What You Need:
- They bought (eight) 2 x 6 x 8 treated lumber from Home Depot which came out to $45
- Cut the (eight) pieces into (eleven) 4 foot lengths and (seven) 2 foot lengths
- The first two layers comprised of (8) 4' lengths = 32 feet when combined. This is the first planting height.
- The third layer is comprised of (3) 4' lengths = 12' and (3) 2' lengths = 6' for a grand total of 18'
- The fourth layer is 6 feet and is a 2' x 2' x 2' planting box
- Notch ends so the corners interlock
- Drill together with 3 1/2" deck screws
- See how nicely the corners interlock? We suspect this raised bed will stand the test of time!
Last year, Denny and Cheri planted several Sweet 100 cherry tomato plants (my favorite too!); a couple of pea plants; one squash and one cucumber plant. You can see the dead vines of the cuke trailing in the picture below! Her tomato plants got so big that she had to cut them back to allow sun to get to the other plants. This year she's planning on fewer tomatoes, adding onions, potatoes and peas. Sounds like a good plan to me.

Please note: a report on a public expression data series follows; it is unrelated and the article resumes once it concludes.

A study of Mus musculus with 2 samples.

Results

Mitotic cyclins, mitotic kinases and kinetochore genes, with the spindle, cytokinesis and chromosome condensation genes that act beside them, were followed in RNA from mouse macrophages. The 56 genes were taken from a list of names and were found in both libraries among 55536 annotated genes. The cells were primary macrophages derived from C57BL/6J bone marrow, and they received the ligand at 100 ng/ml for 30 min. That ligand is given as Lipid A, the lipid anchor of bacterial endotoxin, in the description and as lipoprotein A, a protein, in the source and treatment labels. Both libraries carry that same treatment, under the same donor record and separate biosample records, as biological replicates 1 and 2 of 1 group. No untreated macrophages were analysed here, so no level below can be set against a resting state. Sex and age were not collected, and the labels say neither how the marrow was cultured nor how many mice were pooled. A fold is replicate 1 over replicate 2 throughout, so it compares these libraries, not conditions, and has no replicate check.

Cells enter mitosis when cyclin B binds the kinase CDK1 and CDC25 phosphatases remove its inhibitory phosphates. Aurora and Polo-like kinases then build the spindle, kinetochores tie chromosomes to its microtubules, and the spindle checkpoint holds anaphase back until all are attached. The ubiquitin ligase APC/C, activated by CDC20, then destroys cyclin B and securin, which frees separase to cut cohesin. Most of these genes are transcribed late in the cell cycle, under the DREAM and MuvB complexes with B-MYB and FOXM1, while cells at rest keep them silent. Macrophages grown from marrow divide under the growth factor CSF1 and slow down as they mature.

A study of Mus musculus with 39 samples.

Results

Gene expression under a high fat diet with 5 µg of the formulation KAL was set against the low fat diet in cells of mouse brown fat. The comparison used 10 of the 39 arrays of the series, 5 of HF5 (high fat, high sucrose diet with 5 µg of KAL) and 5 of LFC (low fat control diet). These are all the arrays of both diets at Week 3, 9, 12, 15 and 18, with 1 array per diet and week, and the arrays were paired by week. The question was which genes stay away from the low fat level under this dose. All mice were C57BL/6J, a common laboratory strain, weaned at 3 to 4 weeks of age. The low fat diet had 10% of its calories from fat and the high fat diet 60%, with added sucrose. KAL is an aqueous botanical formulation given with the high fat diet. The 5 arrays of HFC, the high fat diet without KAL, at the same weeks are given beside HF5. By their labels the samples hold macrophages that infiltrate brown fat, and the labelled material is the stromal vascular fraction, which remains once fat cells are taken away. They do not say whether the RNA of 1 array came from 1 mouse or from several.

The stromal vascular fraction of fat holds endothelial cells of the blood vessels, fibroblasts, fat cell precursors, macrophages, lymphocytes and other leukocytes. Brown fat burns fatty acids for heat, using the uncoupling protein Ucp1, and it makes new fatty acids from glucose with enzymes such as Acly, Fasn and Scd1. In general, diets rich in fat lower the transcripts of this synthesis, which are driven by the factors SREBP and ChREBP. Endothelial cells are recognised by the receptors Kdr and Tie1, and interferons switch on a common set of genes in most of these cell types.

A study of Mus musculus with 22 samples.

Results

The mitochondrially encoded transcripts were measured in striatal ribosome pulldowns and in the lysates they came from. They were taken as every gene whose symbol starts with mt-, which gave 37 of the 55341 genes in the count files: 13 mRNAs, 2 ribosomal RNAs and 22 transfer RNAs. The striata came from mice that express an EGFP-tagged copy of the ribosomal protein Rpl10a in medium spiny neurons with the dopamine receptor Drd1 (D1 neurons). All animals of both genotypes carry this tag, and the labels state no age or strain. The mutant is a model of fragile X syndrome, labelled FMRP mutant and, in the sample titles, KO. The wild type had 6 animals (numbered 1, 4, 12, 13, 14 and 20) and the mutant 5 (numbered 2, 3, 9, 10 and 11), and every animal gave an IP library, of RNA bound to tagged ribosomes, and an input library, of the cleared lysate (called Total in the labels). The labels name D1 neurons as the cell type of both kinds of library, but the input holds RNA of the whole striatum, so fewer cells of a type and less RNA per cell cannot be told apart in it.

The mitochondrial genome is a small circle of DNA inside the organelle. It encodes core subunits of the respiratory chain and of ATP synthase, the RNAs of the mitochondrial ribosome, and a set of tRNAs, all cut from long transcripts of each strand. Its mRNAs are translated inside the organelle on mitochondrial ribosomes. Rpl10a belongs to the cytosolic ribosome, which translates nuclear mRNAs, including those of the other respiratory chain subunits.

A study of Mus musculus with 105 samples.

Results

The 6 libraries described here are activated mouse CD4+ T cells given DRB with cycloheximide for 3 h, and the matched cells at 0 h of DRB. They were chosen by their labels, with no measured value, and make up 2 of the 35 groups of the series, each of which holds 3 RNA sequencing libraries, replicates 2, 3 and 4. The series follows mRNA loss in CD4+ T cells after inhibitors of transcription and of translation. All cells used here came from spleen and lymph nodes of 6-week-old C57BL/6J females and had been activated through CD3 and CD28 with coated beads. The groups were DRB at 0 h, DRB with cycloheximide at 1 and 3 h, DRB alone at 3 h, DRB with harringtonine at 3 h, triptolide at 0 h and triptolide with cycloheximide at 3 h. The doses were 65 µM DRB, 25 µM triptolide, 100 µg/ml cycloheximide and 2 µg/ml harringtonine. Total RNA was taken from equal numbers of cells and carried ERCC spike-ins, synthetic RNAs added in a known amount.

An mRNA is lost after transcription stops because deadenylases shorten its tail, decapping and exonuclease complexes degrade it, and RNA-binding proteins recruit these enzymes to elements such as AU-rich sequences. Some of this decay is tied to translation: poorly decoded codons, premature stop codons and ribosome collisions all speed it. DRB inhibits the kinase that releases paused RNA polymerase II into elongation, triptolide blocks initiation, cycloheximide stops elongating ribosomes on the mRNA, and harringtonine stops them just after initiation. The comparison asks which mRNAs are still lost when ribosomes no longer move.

What's so special about raised beds?
- Prevents soil compaction
- No strenuous digging in heavy soil
- Less bending over
- You control the soil quality as soil is more easily replaced (This is especially true of pots and container gardening...another huge trend!)
- Easier planting, weeding, harvesting
- Efficient, intensive use of soil and added nutrients such as compost
Do you have an elevated or raised bed garden? Big or small.